In 2005 the Connecticut legislature, in an attempt to discourage meritless malpractice lawsuits, added a requirement that any such lawsuit include certification from a "similar health care provider" that the litigation raises legitimate claims. This certifying expert must be "trained and experienced in the same discipline or school of practice" as the health professional accused of malpractice.
For the second year in a row the Connecticut Trial Lawyers Association (CTLA) seeks to amend the certification requirement. They contend it is too rigid and can make certification impossible. Intended to discourage frivolous lawsuits, the malpractice attorneys claim it is instead blocking legitimate claims.
Their argument is not persuasive.
In a meeting with the editorial board, representatives of the CTLA conceded few cases are blocked by the certification condition. Yes, it does appear burdensome. Defense attorneys routinely challenge the qualifications of the expert making certification. But this is not necessarily a bad thing. Trial lawyers will be motivated to pursue the most grievous of malpractice cases and set aside marginal cases, which was the intent of the requirement.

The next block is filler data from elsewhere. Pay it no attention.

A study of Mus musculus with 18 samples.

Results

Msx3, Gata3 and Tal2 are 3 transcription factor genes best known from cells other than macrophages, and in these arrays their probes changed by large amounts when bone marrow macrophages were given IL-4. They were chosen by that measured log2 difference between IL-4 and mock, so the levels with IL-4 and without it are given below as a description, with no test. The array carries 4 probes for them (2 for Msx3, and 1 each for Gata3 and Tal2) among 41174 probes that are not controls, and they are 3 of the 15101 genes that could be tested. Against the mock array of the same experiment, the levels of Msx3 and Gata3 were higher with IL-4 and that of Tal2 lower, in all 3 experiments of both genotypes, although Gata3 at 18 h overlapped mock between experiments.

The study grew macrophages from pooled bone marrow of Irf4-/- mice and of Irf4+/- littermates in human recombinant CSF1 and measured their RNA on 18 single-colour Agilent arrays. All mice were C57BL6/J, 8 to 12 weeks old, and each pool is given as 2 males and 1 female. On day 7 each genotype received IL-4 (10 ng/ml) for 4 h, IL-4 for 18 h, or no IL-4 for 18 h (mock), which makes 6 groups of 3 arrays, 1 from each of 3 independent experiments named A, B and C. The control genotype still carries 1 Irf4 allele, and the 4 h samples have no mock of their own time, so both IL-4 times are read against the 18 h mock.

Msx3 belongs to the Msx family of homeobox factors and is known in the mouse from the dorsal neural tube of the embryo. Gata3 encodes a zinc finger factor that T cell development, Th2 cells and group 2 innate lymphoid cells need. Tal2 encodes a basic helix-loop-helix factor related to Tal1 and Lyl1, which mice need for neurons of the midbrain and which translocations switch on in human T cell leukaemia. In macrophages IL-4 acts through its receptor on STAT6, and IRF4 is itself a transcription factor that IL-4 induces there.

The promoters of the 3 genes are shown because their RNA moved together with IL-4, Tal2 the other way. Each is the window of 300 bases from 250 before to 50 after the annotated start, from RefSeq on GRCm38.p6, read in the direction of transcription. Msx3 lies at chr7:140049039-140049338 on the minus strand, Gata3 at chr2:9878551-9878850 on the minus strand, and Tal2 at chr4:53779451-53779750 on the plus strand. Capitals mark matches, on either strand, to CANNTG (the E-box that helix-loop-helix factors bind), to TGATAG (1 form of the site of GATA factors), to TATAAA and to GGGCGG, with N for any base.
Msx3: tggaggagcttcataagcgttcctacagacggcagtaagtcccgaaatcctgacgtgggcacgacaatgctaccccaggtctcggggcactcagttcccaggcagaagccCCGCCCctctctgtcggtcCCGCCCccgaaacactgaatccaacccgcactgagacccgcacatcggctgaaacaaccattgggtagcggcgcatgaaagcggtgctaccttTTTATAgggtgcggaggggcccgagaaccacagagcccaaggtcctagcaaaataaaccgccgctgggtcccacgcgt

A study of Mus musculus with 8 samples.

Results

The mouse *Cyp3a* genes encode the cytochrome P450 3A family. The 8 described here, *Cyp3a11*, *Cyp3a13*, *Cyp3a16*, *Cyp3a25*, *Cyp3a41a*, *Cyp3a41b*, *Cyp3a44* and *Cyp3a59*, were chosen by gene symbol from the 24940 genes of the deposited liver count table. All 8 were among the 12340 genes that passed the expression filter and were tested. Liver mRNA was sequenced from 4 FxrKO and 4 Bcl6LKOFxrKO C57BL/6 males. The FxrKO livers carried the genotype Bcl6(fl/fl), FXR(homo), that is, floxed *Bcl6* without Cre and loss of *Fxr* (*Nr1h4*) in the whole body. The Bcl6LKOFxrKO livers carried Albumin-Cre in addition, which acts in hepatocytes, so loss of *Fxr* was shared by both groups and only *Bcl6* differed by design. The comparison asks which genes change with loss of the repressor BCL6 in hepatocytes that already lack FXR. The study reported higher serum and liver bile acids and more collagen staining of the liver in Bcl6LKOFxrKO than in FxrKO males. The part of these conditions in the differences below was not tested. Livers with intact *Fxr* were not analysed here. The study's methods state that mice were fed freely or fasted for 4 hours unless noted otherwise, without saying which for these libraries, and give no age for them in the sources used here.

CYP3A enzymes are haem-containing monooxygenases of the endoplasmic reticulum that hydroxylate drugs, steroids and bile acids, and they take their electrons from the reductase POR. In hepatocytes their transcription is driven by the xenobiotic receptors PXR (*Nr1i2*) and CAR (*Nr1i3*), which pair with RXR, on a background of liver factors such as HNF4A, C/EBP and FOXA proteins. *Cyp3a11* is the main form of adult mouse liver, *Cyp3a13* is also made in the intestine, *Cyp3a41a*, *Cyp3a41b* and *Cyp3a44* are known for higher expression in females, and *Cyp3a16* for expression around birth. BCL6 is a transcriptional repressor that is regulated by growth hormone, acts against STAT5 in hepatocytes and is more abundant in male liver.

Senate Bill 243 would amend the certification rule to mirror instead the mandated qualifications for an expert at trial, defined as someone who, "to the satisfaction of the court, possesses sufficient training, experience and knowledge as a result of practice or teaching in a related field of medicine …"
In other words, the proposed amendment lowers the qualifications necessary to certify a lawsuit.
Mike Walsh, CTLA president-elect, argues it makes no sense that a person can be sufficiently qualified to testify at trial but not qualified to certify the lawsuit to begin with. The point he is missing is that the expert witness at trial is subject to a cross-examination that challenges those qualifications, but not so the specialist certifying the lawsuit.
Litigation and the resulting high malpractice insurance rates drive up the cost of medical care and discourage physicians from joining high-risk fields, such as obstetrics and neurology. Victims of gross negligence by doctors deserve their day in court, but in 2005 the legislature took a reasonable step toward medical liability reform. It would send the wrong message to now take a step back.